March 10, 2011
by William P. Meyers


Gaddafi could have just abdicated, but he chose instead to kill as many people as necessary to maintain his power. He's an old buzzard now, 68 years old, but if he can kill enough people he might hold onto power and live another couple of decades. Sadly, uprisings often don't work against the most ruthless dictators. A lot of factors come into play.

Chiang Kai-shek was as ruthless as they come. We are taught to hate the war crimes committed by Japanese militarists in China before and during World War II, but Chiang actually killed far more of his own people than the Japanese did. He got the boot from the Chinese Communist Party, only to take over Taiwan and crush it under his heal. He was still in charge of Taiwan when he died. He was a U.S. sponsored dictator.

General Francisco Franco was the most Roman Catholic, fascist dictator of Spain from 1936 until his death in 1975. He should have gone to the gallows with Hitler's crew, but the U.S. security establishment was more afraid of another dictator, Joseph Stalin of the Soviet Union, when Germany was finally defeated. So Franco kept murdering people until the day he died, with U.S. support. The U.S. got to put some air bases in Spain in return.

There have been successful, and failed, revolutions against both left-wing and right-wing dictators. There have been a surprising number of dictators and monarchs who allowed or even encouraged democracies to develop and replace them. England, after all, evolved from a mainly monarchist to a mainly democratic system. Some monarchs cooperated with the process, others resisted. One, Charles I was beheaded by order of Parliament; another James II, was deposed in the Glorious Revolution of 1688.

For dictators force of arms does not insure success, defined as keeping a hold on power, but failure to slaughter, or at least imprison, opponents is a guarantee of failure. Often the opponents are not about to establish a democracy, but want to replace one dictator with another. The overthrow of the Fulgencio Batista by Fidel Castro in Cuba in the 1959 is as good example of that as any.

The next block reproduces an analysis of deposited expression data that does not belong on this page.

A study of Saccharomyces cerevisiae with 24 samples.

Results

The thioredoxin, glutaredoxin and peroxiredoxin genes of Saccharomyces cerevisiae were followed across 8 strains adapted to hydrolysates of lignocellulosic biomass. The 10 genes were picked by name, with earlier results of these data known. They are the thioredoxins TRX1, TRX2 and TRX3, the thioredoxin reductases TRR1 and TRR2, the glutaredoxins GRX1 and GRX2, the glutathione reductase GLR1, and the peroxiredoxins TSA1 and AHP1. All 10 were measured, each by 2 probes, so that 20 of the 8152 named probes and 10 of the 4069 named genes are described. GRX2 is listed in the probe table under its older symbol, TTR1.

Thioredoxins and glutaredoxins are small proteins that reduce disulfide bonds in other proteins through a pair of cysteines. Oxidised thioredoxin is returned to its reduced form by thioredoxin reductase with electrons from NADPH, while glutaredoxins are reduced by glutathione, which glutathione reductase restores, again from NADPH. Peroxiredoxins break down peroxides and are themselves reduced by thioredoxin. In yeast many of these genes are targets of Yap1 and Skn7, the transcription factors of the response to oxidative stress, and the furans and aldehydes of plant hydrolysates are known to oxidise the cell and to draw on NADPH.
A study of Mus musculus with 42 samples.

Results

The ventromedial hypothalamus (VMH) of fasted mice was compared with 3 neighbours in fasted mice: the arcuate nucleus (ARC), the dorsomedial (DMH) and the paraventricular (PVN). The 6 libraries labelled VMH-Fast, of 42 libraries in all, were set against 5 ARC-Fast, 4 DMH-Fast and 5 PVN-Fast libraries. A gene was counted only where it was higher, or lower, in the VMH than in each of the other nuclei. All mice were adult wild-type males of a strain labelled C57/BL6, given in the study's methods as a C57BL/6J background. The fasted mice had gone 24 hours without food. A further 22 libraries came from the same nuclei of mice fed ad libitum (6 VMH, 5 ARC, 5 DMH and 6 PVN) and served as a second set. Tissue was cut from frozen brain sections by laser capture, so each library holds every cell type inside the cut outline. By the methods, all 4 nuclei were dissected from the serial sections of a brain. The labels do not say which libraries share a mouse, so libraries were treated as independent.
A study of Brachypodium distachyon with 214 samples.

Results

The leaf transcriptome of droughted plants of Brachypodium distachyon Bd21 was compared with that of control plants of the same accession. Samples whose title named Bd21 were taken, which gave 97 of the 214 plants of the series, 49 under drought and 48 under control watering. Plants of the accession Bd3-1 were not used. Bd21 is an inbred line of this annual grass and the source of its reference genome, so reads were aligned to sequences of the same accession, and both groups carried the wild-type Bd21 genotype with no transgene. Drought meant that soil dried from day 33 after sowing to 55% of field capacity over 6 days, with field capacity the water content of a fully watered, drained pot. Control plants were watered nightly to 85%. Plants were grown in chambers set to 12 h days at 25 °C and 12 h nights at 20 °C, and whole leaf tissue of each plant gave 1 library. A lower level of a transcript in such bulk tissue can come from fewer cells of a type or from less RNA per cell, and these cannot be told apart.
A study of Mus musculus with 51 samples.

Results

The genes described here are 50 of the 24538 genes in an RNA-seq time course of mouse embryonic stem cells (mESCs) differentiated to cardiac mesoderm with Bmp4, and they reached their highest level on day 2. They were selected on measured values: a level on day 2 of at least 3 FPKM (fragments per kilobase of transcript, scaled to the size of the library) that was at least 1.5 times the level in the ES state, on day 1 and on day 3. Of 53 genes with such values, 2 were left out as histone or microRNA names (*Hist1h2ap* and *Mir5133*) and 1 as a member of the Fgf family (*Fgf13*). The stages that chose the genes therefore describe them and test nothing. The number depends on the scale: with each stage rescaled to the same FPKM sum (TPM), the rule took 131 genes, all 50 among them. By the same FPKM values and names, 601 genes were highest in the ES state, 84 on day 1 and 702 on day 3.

Republics (which allow a limited set of citizens to elect their leaders, as in the original U.S.A.) and democracies don't have a monopoly on goodness. Nor are all dictators all bad all of the time. What allowing a large group of citizens to share in power does is allow for flexibility and growth. With few exceptions, the type of person who aspires to, and obtains, a dictatorship has a pretty inflexible mindset. That means creativity and experimentation gets stifled. Sure, a Napoleon Bonaparte or Joe Stalin might promote scientific advancement, and sometimes a central command can jump start an economy, as Hitler and others showed. But in the long run thought, culture, and business become inflexible under dictators and start losing out to more flexible systems.

Muammar Gaddafi's real power came not from any particular brilliance but from oil. The great powers, corporations as well as nations, wanted Libyan oil, and were willing to leave Gaddafi in place as long as the oil and its profits flowed. The same is true of the Saudi dictatorship.

I hope Gaddafi is overthrown by the people of Libya, not by intervention from Europe or the U.S. However, I won't be surprised if he again manages to kill everyone who disagrees with him. Sadly, if that happens, it will encourage other dictators to reply to popular yearnings for freedom with bullets, not reform.